South Miami football team wears Kentucky blue but roots for UM
Barely a mile from the University of Miami campus, Palmer Park is smack-dab in the heart of Hurricane country. But college students working off their latest hangover with a jog past the playing field are in for a strange sight this fall: scores of neighborhood kids scampering around in University of Kentucky uniforms.
In the cult of college football, wearing another team's jersey is a mortal sin — an act of apostasy punishable by warm beer, cold nachos, and a bowl-less season. So how in hell did three dozen Wildcats end up in South Miami?
"We're die-hard Canes fans. Orange and green all the way," swears Johnny Zeigler, head coach of the South Miami Grey Ghosts. "But we're representing the University of Kentucky now with our new jerseys. I can't complain."
Turns out Zeigler's team of 90-pounders won a grant for new uniforms from the NCAA Football Youth Initiative, but the jerseys had to match the Grey Ghosts' colors of blue and white. Zeigler settled on Kentucky — a decision that has ruffled some feathers among parents and players.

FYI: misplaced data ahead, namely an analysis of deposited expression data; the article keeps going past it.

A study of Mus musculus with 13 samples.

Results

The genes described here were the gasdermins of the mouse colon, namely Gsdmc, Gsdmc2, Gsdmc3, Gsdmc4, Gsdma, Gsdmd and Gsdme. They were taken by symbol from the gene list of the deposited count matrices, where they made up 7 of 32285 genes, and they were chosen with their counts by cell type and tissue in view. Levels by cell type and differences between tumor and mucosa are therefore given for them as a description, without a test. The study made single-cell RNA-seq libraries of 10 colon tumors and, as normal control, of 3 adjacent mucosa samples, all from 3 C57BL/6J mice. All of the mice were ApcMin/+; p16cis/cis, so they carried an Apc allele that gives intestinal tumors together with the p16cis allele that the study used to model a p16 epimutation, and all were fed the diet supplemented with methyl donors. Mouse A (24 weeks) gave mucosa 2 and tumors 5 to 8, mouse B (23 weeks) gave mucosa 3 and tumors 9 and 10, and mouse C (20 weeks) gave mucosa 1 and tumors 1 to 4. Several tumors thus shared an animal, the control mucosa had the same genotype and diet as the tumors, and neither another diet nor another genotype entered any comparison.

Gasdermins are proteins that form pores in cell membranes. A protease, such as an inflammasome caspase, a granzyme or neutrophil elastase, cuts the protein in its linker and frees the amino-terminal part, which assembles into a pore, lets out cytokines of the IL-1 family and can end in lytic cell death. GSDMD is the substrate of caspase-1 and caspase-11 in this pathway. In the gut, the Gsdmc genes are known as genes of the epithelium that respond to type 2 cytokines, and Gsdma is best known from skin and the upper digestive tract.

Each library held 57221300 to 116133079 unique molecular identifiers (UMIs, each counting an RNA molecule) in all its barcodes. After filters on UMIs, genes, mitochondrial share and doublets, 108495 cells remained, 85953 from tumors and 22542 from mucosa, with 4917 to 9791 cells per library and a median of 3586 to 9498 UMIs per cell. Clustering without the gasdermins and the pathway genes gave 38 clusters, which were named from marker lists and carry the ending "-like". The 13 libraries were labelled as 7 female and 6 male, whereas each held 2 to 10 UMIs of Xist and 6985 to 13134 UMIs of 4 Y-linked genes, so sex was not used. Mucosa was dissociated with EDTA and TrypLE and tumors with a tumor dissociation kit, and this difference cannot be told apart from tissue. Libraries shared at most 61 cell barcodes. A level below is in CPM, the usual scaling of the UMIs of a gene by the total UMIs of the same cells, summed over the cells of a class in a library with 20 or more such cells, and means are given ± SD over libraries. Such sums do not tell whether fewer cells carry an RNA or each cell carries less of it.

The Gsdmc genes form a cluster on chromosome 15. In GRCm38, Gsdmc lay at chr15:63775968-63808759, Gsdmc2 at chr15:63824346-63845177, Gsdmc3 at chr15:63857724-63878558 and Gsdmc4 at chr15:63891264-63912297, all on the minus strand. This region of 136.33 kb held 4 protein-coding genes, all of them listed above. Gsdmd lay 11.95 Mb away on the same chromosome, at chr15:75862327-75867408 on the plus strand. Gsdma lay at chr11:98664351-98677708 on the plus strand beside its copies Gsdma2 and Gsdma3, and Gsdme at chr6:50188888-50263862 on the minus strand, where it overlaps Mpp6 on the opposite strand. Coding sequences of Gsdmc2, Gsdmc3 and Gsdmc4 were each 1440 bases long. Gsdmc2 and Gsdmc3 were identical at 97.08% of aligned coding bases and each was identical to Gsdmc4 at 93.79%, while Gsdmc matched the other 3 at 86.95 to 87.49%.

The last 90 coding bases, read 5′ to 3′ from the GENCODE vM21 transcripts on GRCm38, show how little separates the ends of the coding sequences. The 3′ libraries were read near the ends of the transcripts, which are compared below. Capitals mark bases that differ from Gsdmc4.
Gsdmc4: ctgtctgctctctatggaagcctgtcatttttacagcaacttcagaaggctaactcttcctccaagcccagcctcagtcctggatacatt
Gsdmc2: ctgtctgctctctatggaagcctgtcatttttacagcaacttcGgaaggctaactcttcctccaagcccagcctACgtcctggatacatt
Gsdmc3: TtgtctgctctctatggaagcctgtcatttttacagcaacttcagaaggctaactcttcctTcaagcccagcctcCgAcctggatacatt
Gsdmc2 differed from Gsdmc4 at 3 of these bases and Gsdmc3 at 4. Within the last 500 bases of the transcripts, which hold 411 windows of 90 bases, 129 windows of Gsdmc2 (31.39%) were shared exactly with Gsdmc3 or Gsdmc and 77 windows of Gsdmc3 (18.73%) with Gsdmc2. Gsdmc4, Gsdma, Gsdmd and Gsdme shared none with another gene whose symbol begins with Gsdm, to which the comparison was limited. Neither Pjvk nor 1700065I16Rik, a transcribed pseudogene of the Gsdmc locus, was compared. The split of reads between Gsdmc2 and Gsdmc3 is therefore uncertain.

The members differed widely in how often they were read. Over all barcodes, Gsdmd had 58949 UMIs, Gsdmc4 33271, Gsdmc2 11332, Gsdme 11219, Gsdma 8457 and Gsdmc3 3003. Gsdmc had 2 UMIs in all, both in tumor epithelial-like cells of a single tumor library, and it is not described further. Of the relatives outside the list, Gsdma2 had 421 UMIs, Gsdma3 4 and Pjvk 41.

"Honestly, I don't want to be representing the Wildcats," says Axel Rizo Jr., a 10-year-old lineman who, at five feet tall, towers above his teammates.
"I would have took it one better. I would have took UM," echoes the team's tiny, cherubic quarterback, Justin Diaz. "In fact, Kentucky's on my list of ten worst teams. They always think they're going to upset everybody, but they don't."
Even parents wince when seeing their kids dressed as Wildcats. "His father might have an issue with the jersey when we get home tonight," admits Angela Burns, mother of 10-year-old Xavier.
Not everyone bristles at pulling on the new uniforms. "Oh, they're good 'cause we look like a real team now," says leggy running back Frank Ladson. The donation also helps reduce fees for the players. "Some of these kids come from indigent families," says Axel Rizo Sr. "In this tough economy, we'll take all the help we can get."
But doesn't it irk him to have to wash a Kentucky jersey every weekend? Doesn't some tiny part of him want to douse the uniform in gasoline and set it on fire? "As long as the kids are happy, I'm happy," Rizo says, hands clenched around an orange and green folding chair.